State secrets and the Big Four | China Accounting Blog | Paul Gillis

State secrets and the Big Four

Reuters is out with news that that the Big Four and two other CPA firms were summoned last week to meet with CSRC and MOF officials. The topic apparently related to whether these firms had disclosed any information from their China audits to overseas regulators or their overseas offices.  

One of Reuter's sources indicated that the Chinese regulators emphasized the need to maintain the confidentiality of audit information. Firms have been told to do a self examination of whether they have disclosed any information to foreign regulators or their overseas offices. The self examination is to be done this week.  

China has recently focused on keeping state secrets. The State Council directed that Chinese companies in critical industries should consider the protection of state secrets when selecting accounting firms, suggesting that some firms are better than others at doing this (presumably those without foreign partners). Recently Deloitte was subpoenaed by the SEC for its working papers on Longtop and advised the SEC that it was unable to comply because Chinese regulators would not give it permission to do so. 

The process of self examination and rectification is a popular technique for Chinese regulators. The accounting profession went through a series of these in the late 1990s. The attitude of regulators was to be lenient with past transgressions but unforgiving with future violations. The objective is to change future behavior and forgive all but the most egregious of prior sins.  

I expect that the firms will be spending some time in the confessional. Each of the Big Four firms require U.S. head office consultation and signoff on the audits of U.S. listed clients. Sometimes the partners who do that work are located in China, but often they are in the U.S. Any memoranda on complex accounting issues are going to be routinely shared between the audit teams in China and the reviewing partners in the U.S.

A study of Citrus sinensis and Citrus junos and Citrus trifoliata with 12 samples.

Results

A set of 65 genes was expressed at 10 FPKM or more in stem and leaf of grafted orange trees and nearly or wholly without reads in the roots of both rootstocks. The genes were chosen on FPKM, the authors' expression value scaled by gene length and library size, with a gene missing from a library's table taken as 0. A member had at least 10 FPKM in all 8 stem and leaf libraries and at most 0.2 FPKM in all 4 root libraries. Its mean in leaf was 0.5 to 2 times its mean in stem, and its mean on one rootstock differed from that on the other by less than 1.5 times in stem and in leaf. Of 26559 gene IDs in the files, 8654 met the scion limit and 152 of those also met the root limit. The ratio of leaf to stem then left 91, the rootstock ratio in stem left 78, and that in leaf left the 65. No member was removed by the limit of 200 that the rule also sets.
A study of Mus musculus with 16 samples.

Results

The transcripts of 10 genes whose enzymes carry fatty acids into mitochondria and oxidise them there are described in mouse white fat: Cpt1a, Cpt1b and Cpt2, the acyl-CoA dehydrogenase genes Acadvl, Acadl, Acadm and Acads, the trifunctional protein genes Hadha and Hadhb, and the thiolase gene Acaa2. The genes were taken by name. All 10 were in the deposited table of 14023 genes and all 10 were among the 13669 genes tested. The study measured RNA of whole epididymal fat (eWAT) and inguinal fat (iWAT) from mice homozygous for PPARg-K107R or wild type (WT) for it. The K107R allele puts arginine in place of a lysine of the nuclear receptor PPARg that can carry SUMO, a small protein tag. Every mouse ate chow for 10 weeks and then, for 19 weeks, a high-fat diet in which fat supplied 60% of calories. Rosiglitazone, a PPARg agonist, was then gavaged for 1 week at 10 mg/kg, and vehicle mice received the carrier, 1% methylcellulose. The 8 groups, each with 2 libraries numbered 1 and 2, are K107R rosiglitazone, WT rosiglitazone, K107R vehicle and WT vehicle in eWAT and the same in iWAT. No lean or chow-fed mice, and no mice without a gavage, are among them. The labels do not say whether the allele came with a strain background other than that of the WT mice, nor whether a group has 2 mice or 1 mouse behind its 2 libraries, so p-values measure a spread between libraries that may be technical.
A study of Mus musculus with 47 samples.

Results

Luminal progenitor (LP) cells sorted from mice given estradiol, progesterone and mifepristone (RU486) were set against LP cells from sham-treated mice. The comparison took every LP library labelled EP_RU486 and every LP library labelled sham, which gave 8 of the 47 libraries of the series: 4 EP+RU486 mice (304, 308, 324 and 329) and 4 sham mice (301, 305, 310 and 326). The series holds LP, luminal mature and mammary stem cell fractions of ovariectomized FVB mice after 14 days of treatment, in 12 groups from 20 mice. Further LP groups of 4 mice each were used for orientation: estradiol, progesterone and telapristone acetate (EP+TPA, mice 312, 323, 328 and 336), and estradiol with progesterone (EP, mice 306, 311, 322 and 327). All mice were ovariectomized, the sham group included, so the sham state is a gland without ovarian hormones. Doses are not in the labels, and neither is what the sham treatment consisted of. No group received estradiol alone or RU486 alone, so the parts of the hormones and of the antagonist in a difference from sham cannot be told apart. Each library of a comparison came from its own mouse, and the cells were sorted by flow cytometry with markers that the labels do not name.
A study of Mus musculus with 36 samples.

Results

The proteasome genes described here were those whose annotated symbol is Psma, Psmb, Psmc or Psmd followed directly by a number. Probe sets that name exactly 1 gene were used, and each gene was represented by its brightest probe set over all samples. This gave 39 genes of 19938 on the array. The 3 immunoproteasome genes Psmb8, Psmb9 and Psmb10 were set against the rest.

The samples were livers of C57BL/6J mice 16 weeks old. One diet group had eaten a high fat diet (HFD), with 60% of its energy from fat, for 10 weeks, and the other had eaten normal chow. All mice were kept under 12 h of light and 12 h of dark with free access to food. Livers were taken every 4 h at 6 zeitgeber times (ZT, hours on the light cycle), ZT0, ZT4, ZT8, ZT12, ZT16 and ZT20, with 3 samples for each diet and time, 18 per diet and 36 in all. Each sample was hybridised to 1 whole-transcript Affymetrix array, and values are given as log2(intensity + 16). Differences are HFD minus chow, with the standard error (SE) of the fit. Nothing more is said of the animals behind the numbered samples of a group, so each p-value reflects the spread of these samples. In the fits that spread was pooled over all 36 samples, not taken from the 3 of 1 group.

It is also possible that the firms have shared some parts of their working papers - likely the same kind of technical memoranda - with the SEC. Over the past year most U.S. listed Chinese companies have received comment letters from the SEC. Comment letters arise from a desk review of the SEC filings and often raise questions about the company's accounting policies and treatments. The auditors are always intimately involved in the response.  

It is highly unlikely that these memoranda include any state secrets - even less likely than the remote possibility that the audit working papers contain this kind of information in the first place. This type of sharing is absolutely necessary to maintain audit quality, and I hope China does not shut it down. Instead, I hope that Chinese regulators use this data to develop a coherent policy on how audit information can be shared outside of China. This latest exercise has the potential for either settling the conflicts between Chinese and American regulators, or escalating them out of control.